Additional gimmick for the folder tree

I have seen this function at xxx file manager:

The folder tree scrolls automatically to the left or to the right to show the names of the folders.

Your video doesn't seem to work, but the options in Preferences / Folder Tree / Options / Horizontal scrolling style might be relevant.

No, it's not the same function. When I scroll vertically the folders move horizontally to the left or right by itself.

That is what one of the options does.

To clarify, the video shows him dragging an item onto a massively nested list of folders with extremely long folder names. As he goes down the list of folders with the held item, it's scrolling to the right.


Here's the current version of Opus on Windows 7, where TVS_EX_AUTOHSCROLL works:

Microsoft introduced TVS_EX_AUTOHSCROLL in Vista for Explorer's folder tree. We implemented the flag in Opus for parity, although it never worked that well in our opinion, which is probably why Explorer stopped using it again in Windows 7. We kept the option because there was no real reason to remove it. But now that Windows 10 has broken or removed the feature, we'll just remove it.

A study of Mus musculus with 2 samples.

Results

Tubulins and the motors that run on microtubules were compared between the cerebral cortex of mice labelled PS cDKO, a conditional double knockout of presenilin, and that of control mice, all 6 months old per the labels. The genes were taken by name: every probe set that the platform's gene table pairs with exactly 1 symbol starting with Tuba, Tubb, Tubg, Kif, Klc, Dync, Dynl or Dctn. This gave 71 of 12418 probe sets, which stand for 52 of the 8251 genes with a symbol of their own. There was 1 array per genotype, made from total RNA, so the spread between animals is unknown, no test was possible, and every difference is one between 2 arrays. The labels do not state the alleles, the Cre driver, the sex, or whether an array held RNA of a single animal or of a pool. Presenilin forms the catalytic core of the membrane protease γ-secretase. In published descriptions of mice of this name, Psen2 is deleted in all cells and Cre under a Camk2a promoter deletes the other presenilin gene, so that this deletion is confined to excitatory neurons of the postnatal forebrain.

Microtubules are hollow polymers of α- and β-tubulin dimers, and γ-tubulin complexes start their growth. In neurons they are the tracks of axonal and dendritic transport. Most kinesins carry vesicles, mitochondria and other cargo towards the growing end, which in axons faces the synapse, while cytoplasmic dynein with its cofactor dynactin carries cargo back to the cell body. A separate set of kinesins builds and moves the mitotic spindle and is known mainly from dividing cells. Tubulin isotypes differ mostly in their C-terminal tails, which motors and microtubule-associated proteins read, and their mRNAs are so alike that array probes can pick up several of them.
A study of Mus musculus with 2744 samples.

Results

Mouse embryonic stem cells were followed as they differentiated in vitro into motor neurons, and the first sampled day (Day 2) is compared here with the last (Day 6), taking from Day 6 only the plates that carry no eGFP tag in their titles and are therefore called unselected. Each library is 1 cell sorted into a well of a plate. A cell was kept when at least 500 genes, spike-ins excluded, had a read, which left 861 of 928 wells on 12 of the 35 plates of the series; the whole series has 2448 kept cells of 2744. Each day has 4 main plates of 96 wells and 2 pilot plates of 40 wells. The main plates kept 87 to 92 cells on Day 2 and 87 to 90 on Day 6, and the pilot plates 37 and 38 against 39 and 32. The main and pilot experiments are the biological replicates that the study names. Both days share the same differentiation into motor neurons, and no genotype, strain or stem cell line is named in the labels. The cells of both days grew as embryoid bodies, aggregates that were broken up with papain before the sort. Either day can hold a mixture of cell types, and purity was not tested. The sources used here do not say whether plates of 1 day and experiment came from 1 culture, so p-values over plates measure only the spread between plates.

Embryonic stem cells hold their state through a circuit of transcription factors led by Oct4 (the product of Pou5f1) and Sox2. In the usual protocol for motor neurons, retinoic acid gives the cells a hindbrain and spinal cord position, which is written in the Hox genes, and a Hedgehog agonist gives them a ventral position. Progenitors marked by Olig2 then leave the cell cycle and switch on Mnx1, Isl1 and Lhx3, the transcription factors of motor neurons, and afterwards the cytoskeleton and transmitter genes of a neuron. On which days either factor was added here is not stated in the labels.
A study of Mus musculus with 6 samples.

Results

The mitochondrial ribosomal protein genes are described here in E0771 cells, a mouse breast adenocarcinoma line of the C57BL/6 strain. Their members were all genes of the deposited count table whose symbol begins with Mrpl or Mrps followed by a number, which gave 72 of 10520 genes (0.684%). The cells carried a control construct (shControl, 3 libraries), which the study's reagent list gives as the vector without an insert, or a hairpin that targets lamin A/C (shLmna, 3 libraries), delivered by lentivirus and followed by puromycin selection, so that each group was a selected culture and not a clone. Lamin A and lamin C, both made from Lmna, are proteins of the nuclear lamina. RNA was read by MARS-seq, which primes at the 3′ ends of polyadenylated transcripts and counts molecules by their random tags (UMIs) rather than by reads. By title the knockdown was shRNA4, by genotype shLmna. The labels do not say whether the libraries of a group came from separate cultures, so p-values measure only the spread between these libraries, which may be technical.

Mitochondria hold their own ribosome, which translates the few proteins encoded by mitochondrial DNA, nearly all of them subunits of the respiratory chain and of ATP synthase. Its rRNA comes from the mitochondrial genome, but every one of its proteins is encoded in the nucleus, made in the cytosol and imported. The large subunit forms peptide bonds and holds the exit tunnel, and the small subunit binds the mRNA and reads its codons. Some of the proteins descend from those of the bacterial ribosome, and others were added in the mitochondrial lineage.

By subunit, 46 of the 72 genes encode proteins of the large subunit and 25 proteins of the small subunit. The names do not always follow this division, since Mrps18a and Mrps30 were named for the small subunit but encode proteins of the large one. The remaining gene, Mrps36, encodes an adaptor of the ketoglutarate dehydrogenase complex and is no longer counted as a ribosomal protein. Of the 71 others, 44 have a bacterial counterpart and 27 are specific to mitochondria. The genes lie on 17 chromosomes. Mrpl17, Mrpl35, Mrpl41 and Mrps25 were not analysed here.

It was more annoying than useful to most people. While searching for the flag and any reported issues with it, the only thing I found other than Microsoft documentation (which still claims it works) was people complaining about Eclipse using it, and that it was horrible in both Eclipse and Explorer, until Eclipse removed it in a patch:

I think most people felt the same. So we'll remove the option. It was never good, and now doesn't work.


We might keep it, although I'm still not sure it's a good idea, or that anyone was using it, given no one reported it was broken in Windows 10, and no developer has mentioned TVS_EX_AUTOHSCROLL on the web in about 12 years, despite the OS behavior change which would've broken everything using it in the way it was originally intended to be used.